Updated: January 21, 2005

Applies To: Windows Server 2003, Windows Server 2003 R2, Windows Server 2003 with SP1, Windows Server 2003 with SP2

Network Bridge

Network Bridge makes it inexpensive and easy to connect LAN segments. A LAN segment is a section of network media that connects computers. Frequently, a network has more than one LAN segment. Prior to Windows XP; Windows Server 2003, Standard Edition; and Windows Server 2003, Enterprise Edition, if you wanted to have a network with more than one LAN segment, then you had two options: IP routing and hardware bridging. IP routing required you to buy hardware routers or configure computers to act like routers, configure IP addressing for each computer on each network segment, and configure each network segment as a separate subnet. Hardware bridging did not require difficult configurations, but it did require you to purchase hardware bridges. Additionally, if you were using different types of network media, you needed to create a separate subnet for each type of media.

In contrast, the Network Bridge feature that is available with Windows XP; Windows Server 2003, Standard Edition; and Windows Server 2003, Enterprise Edition allows you to connect LAN segments simply by clicking the Bridge Connections menu command. No configuration is required, and you do not need to purchase additional hardware, such as routers or bridges. Network Bridge automates the configuration that is required to route traffic between multi-segment networks that consist of a single type of media or mixed media.

Combined Ethernet and wireless network

Network Bridge example

Suppose you have a small office network with four computers (PC1, PC2, PC3, and PC4) and one Ethernet hub. The four computers are running Windows XP; Windows Server 2003, Standard Edition; or Windows Server 2003, Enterprise Edition and have the following hardware installed:

  • PC1 has an adapter connecting it to the Internet, an Ethernet network adapter, an HPNA network adapter, and a wireless adapter.

  • PC2 has an Ethernet network adapter.

  • PC3 has an HPNA network adapter.

  • PC4 has a wireless network adapter.

The Ethernet adapters on PC1 and PC2 are connected to a common Ethernet hub to form the first LAN segment. PC1 is connected to PC3 with the HPNA adapter to form a second LAN segment, and PC1 is connected to PC4 with the wireless adapter to form a third LAN segment.

You can use Network Bridge to connect the Ethernet network adapter, the HPNA network adapter, and the wireless network adapter on PC1. Network Bridge can forward traffic from one LAN segment to another and enable all of your computers to communicate with each other.

Bridged network connections

Without Network Bridge (or additional routing configurations or bridging hardware), only PC1 can communicate with each of the other computers because PC1 is the only computer that has connections to all three LAN segments. Because PC2, PC3, and PC4 use different types of network media, they are on different LAN segments, and they are unable to communicate with any computer other than PC1 (without Network Bridge or additional routing configurations or bridging hardware).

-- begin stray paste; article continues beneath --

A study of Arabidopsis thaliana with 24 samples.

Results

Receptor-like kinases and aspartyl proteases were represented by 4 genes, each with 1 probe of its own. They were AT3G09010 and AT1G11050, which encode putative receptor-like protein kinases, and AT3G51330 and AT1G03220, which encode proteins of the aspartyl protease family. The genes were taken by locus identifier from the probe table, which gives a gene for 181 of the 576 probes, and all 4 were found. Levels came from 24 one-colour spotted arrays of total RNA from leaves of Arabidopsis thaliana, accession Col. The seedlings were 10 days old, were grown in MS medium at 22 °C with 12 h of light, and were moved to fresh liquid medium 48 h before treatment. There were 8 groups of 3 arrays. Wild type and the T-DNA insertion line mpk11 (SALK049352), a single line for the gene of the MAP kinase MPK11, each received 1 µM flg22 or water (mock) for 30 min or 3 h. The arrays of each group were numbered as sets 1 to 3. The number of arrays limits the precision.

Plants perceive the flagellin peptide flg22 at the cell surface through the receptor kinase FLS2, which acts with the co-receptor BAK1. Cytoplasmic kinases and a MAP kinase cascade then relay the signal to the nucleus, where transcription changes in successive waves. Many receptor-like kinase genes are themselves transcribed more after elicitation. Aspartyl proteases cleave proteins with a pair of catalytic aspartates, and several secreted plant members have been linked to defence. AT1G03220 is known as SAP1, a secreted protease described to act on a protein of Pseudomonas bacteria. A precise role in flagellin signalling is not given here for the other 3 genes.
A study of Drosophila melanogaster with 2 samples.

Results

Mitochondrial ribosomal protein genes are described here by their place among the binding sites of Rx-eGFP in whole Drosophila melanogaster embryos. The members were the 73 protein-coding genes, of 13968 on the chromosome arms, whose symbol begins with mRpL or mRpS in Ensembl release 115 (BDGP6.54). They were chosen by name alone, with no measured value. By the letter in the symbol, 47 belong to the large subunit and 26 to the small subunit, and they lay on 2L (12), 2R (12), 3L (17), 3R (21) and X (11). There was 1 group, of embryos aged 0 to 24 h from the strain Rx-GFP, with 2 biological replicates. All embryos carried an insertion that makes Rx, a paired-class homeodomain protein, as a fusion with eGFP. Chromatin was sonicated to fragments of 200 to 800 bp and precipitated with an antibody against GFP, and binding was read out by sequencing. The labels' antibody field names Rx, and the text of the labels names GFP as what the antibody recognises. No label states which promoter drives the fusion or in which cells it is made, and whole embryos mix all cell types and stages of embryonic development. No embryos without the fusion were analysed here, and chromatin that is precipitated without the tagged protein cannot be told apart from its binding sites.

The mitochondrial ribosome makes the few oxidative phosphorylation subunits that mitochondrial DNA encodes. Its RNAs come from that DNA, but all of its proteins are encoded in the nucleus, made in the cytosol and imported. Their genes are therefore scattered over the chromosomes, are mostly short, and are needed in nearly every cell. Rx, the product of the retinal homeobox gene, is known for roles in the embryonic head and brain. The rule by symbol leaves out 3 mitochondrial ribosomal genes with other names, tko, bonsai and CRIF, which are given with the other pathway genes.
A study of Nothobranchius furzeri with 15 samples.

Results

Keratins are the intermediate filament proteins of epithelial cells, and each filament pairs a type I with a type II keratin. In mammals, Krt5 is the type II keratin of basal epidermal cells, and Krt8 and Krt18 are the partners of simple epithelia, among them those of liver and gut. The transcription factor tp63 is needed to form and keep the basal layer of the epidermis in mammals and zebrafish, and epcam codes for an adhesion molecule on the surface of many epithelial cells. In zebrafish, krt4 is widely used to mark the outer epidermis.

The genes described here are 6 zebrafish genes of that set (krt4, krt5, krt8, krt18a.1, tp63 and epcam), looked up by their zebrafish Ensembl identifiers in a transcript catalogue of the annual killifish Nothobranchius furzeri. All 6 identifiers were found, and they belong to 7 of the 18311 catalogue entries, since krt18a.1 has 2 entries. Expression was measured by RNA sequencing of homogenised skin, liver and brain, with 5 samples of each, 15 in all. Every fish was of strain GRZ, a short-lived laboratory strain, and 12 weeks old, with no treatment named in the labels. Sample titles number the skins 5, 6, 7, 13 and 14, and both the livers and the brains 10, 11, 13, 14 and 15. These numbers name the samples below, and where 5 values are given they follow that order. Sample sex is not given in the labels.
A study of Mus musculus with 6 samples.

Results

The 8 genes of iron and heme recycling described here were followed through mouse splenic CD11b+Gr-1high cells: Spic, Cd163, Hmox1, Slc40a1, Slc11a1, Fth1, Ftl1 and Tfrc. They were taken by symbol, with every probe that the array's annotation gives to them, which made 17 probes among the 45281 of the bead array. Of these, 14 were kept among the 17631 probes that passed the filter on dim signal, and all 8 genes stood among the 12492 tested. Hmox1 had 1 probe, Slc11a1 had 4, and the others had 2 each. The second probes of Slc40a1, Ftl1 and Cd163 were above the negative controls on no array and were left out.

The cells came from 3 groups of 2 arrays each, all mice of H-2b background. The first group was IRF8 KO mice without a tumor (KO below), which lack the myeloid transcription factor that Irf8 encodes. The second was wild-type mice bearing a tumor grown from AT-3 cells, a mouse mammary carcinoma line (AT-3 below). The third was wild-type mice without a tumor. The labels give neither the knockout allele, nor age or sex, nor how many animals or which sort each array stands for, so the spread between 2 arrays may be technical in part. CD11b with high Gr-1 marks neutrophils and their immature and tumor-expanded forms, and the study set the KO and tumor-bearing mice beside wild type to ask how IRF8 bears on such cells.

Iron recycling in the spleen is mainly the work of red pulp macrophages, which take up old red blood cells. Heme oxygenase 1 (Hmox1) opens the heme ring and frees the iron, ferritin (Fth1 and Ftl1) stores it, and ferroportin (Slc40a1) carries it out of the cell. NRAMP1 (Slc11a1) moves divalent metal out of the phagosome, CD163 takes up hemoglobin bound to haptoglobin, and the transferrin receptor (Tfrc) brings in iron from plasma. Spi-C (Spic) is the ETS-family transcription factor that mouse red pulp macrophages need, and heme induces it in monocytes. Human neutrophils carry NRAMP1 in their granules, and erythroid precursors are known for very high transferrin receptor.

Network Bridge considerations

Only one bridge can exist on a computer, but it can be used to bridge as many different network connections as the computer can physically accommodate. For information about creating Network Bridge, see Set up Network Bridge.

In order to include the ICS private connection as part of a Network Bridge, you must temporarily disable ICS. Be careful not to include the ICS public connection as part of a Network Bridge. To do so creates an unprotected link between your network and the Internet, leaving your network vulnerable to intrusions, and prevents you from enabling ICF or ICS. For more information about using ICS, see Connecting to the Internet in a home or small office network.

Only Ethernet, IEEE-1394 adapters, or Ethernet-compatible adapters, such as wireless and Home Phoneline Network adapters, can be a part of Network Bridge. Network Bridge with a wireless or IEEE-1394 connection supports traffic using Internet Protocol version 4 (IPv4) only.

Spanning tree algorithm

Network Bridge uses the IEEE spanning tree algorithm (STA) to establish a loop-free forwarding topology. When there are multiple paths in a bridged network, loops can form, and the simple forwarding rules of a bridge can cause forwarding storms--a condition in which the same frame is relayed endlessly from one network segment, across the bridge, to another segment. STA provides an automated mechanism to selectively disable bridge forwarding on individual ports as is necessary, in order to ensure that the network topology is loop-free. There is no configuration needed to configure Network Bridge for STA.

Note

  • Internet Connection Sharing and Network Bridge are not included in Windows Server 2003, Web Edition; Windows Server 2003, Datacenter Edition; and the Itanium-based versions of the original release of the Windows Server 2003 operating systems.